Just Mercy and Mass incarceration

Just did “book club” with my class yesterday using Bryan Stevenson’s Just Mercy.  It went great.  You should strongly consider reading it.  Not only is Stevenson an indefatigable advocate for justice, he is a great writer and compelling storyteller.  At least read this great take on his work in the NY Review of Books.  Or watch his excellent TED talk and be inspired.  I love this conclusion from David Cole’s review of the book (as well as another on Mass Incarceration):

If mass incarceration is to end, it won’t be because courts declare it unconstitutional. It will instead require the public to come to understand, as the National Academies report found, that our policies are inefficient, wasteful, and counterproductive. And it will require us to admit, as Bryan Stevenson’s stories eloquently attest, that our approach to criminal law is cruel and inhumane. Mass incarceration is one of the most harmful practices we as a society have ever adopted, but as Stevenson would say, we are all better than the worst thing we have ever done.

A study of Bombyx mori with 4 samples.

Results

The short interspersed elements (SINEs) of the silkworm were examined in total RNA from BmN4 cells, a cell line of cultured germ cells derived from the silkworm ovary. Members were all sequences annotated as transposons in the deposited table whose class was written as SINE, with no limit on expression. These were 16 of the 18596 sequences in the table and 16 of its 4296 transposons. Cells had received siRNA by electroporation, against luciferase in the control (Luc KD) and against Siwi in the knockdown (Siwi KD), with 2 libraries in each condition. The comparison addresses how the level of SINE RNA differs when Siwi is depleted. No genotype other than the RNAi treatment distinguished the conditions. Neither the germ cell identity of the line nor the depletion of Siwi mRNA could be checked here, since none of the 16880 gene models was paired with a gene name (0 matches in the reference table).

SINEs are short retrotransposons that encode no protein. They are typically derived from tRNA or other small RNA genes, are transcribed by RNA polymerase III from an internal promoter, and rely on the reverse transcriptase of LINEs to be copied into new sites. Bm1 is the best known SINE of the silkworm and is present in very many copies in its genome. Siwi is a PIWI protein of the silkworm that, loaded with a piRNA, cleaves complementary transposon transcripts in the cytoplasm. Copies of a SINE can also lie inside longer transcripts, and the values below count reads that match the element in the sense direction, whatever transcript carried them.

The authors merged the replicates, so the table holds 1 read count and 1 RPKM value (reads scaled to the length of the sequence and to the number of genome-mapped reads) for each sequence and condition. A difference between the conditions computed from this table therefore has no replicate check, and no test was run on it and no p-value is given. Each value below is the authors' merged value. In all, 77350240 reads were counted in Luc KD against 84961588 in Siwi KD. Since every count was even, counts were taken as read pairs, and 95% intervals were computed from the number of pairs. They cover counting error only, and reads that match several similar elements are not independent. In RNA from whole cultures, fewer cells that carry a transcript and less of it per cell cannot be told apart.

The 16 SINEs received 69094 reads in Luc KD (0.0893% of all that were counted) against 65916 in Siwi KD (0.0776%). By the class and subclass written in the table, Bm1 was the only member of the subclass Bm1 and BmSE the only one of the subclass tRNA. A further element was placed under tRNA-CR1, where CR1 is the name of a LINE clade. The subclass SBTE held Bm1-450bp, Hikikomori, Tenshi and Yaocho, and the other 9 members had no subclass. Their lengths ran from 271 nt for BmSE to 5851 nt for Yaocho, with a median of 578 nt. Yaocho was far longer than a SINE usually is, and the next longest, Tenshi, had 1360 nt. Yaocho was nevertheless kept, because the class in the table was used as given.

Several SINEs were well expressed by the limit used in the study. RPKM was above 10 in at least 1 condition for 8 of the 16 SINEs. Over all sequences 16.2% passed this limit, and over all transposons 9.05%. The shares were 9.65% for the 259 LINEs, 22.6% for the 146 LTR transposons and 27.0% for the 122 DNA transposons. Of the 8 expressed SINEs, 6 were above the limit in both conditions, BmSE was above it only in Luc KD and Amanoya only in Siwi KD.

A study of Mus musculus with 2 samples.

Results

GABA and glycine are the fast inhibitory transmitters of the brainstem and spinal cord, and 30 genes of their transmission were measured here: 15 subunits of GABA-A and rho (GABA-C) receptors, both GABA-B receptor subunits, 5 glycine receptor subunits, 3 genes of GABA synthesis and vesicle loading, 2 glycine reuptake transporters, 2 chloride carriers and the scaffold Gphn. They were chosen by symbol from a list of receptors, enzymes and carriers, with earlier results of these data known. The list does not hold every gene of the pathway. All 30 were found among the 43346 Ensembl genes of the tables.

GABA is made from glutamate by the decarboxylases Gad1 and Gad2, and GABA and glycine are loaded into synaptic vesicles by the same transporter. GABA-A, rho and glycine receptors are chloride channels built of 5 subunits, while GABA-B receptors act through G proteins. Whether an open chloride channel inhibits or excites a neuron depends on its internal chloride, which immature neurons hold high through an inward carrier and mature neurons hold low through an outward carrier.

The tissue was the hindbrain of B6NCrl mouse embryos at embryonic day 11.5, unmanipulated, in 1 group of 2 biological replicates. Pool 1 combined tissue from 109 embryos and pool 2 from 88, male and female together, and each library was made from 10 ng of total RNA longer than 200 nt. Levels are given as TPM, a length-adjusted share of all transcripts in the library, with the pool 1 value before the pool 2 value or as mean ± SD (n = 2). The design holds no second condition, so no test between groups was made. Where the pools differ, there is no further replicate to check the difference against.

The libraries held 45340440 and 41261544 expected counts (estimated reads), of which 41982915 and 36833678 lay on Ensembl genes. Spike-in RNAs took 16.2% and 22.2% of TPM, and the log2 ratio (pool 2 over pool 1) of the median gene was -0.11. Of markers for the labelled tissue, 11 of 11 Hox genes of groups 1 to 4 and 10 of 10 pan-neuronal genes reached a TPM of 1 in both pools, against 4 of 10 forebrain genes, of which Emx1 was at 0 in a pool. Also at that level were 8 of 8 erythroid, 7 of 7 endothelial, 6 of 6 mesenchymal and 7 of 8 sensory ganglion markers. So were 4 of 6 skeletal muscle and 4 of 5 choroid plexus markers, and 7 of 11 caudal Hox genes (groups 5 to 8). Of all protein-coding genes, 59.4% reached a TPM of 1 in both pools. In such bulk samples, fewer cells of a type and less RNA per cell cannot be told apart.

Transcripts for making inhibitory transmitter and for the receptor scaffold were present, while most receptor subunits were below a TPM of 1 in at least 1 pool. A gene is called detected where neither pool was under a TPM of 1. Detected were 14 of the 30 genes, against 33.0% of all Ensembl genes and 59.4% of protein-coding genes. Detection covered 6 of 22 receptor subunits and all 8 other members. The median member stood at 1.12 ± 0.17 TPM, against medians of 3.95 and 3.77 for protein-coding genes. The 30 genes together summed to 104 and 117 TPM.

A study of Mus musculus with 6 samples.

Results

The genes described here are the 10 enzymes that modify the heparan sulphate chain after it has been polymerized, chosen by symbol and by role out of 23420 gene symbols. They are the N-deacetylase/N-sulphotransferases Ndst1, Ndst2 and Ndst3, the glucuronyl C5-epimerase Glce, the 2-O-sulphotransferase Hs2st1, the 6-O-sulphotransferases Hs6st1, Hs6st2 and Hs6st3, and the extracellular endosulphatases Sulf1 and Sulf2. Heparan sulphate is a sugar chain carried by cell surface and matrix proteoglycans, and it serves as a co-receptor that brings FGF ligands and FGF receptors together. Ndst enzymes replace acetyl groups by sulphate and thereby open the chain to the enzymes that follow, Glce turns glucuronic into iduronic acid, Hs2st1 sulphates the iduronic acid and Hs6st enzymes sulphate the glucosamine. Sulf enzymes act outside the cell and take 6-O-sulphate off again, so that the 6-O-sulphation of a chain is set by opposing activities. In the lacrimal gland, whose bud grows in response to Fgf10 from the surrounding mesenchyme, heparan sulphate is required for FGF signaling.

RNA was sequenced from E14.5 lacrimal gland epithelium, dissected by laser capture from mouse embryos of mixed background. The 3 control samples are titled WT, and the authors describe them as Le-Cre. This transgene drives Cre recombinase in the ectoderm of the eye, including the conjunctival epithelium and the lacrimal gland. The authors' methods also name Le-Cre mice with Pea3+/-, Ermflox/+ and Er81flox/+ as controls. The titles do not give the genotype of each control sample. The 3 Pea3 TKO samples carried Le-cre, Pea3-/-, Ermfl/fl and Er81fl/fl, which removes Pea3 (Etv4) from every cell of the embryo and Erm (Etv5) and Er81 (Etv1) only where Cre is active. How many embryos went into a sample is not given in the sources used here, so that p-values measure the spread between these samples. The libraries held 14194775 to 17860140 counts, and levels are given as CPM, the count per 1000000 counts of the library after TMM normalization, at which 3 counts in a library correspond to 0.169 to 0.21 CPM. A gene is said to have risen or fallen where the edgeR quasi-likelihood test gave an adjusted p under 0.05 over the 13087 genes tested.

Absolutely.  Let’s make it happen, America.

Professor of Political Science at NC State http://faculty.chass.ncsu.edu/shgreene

2 Responses to Just Mercy and Mass incarceration

  1. Jon K. says:

    I needed some good book ideas for my traveling this weekend. I love that Audible has just about every book that has a large printing available as unabridged audio. This wasn’t the case about 5 years ago before Amazon bought the company. Professional narration beats making my own audiobook via text to speech software hands down. I don’t know how I ever read anything before digital books and audiobooks became commonplace. I can’t remember the last time I actually bought, or read, a paper book. I even converted my textbooks to digital and audio when I was in college using those awesome book scanners in the library. You can actually digitize a 300 page book in about 15 minutes using one of those scanners.

    Anyway, I am looking forward to Just Mercy. I just have to decide now whether I start that one or the final book in Justin Cronin’s The Passage trilogy. It is a tough call.